Fifty Shades of Grey: Ethics and the Professional Career Counselor
Ethics and the Professional Career Counselor
In the abstract, we may agree on nature of professional ethics for all as licensed professional counselors. We study and debate the topic, sign our names to statements of professional codes of ethics and understand the supreme importance of adhering to the utmost best in our profession.
It is in the shifting sands of reality, however, that challenge us to adhere to our codes in complex, complicated and myriad ways that can serve to blur our actions.
It is in the press of time and the desire for outcomes that shortcuts appear and over time, continue. We do not wake up with the thought, “I will be unethical today”; rather, it can be a greater need that presses an action to occur without thought of unintended consequence that drives the action home.
It can be an unrealistic case load, the pressure of financial gain, lack of equivalent job opportunities, agency downsizing, or institutional pressures to conform to a lower common denominator or simple exhaustion that can lead to unethical behavior. Such is complicated by the sheer numbers of public figures who appear to have made terribly unethical decisions for power or financial gain making the invisible line so much more so.
The boundaries of good practice demand a solid referral network and the common sense to use this network when necessary. Pausing to think through the process is a skill learned through experience; think safe, not sorry.
Additionally, background themes of religion and morality operate in ways that can obscure or clarify actions based in the heart. Indeed, even a “Good Samaritan” without application of knowledge and skills can incur harm with the purest of hearts.
Our professional organizations, including but not limited to the American Counseling Association, the Canadian Counseling and Psychotherapy Association, and the National Career Development Association offer webinars, conference presentations and publications to help us work though the application of ethics in real time. Such are real time skills in a real time workplace that may not always pause to consider the overarching ethical lens.
As career counselors, we need to be versed in socioeconomic realities for marginalized populations while advocating for social justice. The oft repeated phrase, “Follow your passion” seems to ring hollow while viewing the limited job market. Such is true for those of an entrepreneurial bend as so many small business fail in their first year, creating new debt for many. Countries experiencing 24% unemployment rates among youth fear the potential rise of a charismatic figure promising an easy route to a better future.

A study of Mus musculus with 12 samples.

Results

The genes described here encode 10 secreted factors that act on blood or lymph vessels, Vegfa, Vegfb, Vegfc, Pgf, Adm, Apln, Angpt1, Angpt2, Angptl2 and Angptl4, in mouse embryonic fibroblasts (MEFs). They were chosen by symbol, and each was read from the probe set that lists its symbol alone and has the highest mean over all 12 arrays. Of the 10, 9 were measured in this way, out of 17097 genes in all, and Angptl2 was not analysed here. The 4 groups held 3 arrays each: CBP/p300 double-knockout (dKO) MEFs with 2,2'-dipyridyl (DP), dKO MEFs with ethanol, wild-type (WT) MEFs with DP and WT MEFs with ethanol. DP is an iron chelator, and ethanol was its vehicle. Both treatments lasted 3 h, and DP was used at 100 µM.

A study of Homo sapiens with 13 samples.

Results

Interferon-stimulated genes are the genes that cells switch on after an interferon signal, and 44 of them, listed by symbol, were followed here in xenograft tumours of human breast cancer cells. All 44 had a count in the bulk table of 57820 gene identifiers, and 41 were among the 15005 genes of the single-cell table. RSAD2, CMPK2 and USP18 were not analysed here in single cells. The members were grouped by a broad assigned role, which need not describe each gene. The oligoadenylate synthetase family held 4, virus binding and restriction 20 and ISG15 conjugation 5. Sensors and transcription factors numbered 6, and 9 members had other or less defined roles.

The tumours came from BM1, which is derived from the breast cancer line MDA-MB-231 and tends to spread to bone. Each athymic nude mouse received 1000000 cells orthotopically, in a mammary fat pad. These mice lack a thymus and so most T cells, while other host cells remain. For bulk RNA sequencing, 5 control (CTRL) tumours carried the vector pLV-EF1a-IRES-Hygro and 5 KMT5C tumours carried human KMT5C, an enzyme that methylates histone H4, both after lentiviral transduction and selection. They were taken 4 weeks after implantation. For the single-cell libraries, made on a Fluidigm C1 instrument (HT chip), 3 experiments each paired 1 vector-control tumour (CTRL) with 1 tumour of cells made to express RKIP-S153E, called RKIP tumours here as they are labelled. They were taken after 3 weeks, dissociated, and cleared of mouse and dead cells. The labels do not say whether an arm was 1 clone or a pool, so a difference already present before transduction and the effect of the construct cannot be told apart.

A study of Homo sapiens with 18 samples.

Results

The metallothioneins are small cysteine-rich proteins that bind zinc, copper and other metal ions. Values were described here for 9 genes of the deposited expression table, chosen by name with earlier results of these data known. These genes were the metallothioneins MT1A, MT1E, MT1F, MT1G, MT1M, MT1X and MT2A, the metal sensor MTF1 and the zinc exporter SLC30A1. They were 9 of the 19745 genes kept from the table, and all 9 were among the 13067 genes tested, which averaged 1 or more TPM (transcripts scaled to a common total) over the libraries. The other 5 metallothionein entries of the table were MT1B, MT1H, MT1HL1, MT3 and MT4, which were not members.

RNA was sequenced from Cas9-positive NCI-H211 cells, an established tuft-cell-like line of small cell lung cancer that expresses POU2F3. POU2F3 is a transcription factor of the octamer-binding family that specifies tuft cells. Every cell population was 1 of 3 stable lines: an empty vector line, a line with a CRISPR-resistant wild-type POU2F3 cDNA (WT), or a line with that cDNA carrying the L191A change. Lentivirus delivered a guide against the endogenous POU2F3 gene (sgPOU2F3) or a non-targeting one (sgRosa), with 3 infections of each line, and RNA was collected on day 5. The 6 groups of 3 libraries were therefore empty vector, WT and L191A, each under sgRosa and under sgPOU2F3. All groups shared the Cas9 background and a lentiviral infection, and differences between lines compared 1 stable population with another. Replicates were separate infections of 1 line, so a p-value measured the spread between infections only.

Understanding local and national labor market information in terms of simple supply and demand is a considerable wisdom for career counselors however, many distance themselves from looking at this reality. While it is likely true that secure stable jobs may have belonged to an earlier era, navigating the “gig” economy provides some benefits for new workers and career changers.
Technology and Job Shifts:
For those thrust into an advising or planning capacity, the ethical concerns creep in. Although pressure to predict what a future economy might look like will continue, that view is fraught with peril as technological changes will alter the present complexion of the marketplace. Occupations that have been commonplace may not have a growth rate such as auto mechanics, carpenters, retail clerks, taxi drivers. This changes the point of entry for workers as the demands of the work world have been altered.
We need to consider the needs of diverse populations of job seekers; migrant workers, college students, K-12 students, returning veterans, ex-offenders, career changes, recent immigrants, seasoned workers, the differently abled, LBGT, those whose skills differ from current market demands, limited English skills workers and those marginalized by poverty.
Our professional ethics are to use our skills as career counselors to understand and join with those who need us as they surely do, now more than ever.
Ellen Weaver Paquette, MA, CAGS (www.linkedin.com/in/ellenweaverpaquette) (www.careerconsultingconcepts.com) is a professional career counselor, counselor educator and author. She is an NCDA Fellow, Master Trainer and member of the NCDA Board of Directors, 2014-2017. She has taught career counseling graduate courses since 1983 and has conducted NCDA CDF (CSP) trainings in the US and the Middle East. Ellen is a stalwart supporter of all things Canadian especially CANNEXUS.